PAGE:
Directional Couplers: 101

Directional couplers are circuits where each of their four ports is separated from the input port and are passive reciprocal networks. All four of the couplers’ ports should be matched, and the circuit should not experience loss.

There are various types of couplers, including the following:

                ▪              Coupled-line couplers

                ▪              Bethe-hole couplers

                ▪              Multi-hole couplers

                ▪              Bi-directional couplers

                ▪              Dual-directional couplers

                ▪              Hybrid couplers

Directional couplers are used to sample a signal, sometimes both for the reflected and incident waves (an application that is referred to as a reflectometer, which is an essential component of a network analyzer). Directional couplers typically make use of microwave circuit distributed properties. The coupling process typically happens within one—quarter-wavelength or many quarter wavelength components of the device.

Within these distributed couplers, interaction takes place between the energy and fields of each distributed structure, and therefore couples signals from one to the other. Hybrid and lumped element couplers can be also be constructed. These couplers don’t rely on how waves and fields between transmission structures interact in order to generate performance that is similar to coupled line structures. Rather,  they depend on networks that consist of un-coupled – or independent – circuit elements.

The term “directional” in directional couplers simply refers to the fact that the coupler has four ports, of which one is considered the input, one is considered the “through” port, one is considered to be the “coupled” port, and one is considered to be the “isolated” port, which is typically terminated. Certain commercial couplers have a fourth port that is terminated with a matched load.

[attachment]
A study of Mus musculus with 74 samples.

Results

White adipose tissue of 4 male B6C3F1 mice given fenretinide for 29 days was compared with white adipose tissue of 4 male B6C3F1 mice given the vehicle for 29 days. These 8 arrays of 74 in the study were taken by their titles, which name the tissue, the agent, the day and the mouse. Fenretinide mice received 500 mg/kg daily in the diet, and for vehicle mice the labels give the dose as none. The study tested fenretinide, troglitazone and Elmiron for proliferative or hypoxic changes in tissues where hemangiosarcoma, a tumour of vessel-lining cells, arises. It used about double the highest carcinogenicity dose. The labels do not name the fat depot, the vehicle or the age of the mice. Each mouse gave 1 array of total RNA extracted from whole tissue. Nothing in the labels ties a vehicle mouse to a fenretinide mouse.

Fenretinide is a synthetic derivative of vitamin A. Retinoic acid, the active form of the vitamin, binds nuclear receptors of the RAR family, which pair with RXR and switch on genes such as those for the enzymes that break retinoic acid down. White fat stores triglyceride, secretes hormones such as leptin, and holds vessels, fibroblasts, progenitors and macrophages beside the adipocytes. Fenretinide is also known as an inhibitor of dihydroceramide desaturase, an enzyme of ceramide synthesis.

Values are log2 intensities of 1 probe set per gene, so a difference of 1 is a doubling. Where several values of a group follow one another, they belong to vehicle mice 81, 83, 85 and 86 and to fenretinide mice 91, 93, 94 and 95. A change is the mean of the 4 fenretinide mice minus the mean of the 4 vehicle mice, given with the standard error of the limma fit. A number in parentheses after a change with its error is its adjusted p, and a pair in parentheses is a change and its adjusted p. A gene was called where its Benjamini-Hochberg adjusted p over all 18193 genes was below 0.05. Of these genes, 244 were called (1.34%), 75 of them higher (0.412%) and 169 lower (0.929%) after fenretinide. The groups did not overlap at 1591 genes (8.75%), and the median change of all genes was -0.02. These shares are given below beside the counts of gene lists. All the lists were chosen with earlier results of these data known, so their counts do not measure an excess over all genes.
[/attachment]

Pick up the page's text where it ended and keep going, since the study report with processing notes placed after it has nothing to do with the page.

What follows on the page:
When the signal is reversed and enters the “through” port, the majority of it will exit the “input” port. However, the coupled port would then be considered to be the port that was previously referred to as the “isolated” port.

The majority of waveguide couplers couple in a forward direction since they depend on many coupling holes. Stripline or microstrip couplers are considered backward wave couplers since they depend on coupled lines.

The coupled port on a stripline or microstrip directional coupler is nearest to the input port since it is considered backward wave. On waveguide broadwall directional couplers, the coupled ports are nearest to the output port since they are forward wave couplers.

An important point to consider is the fact that a forward coupler is considered in-phase, while a backward coupler couples in quadrature. A coupler that is made in stripline means it’s a backward wave coupler.

Hopefully, this elementary guide on directional couplers has been helpful!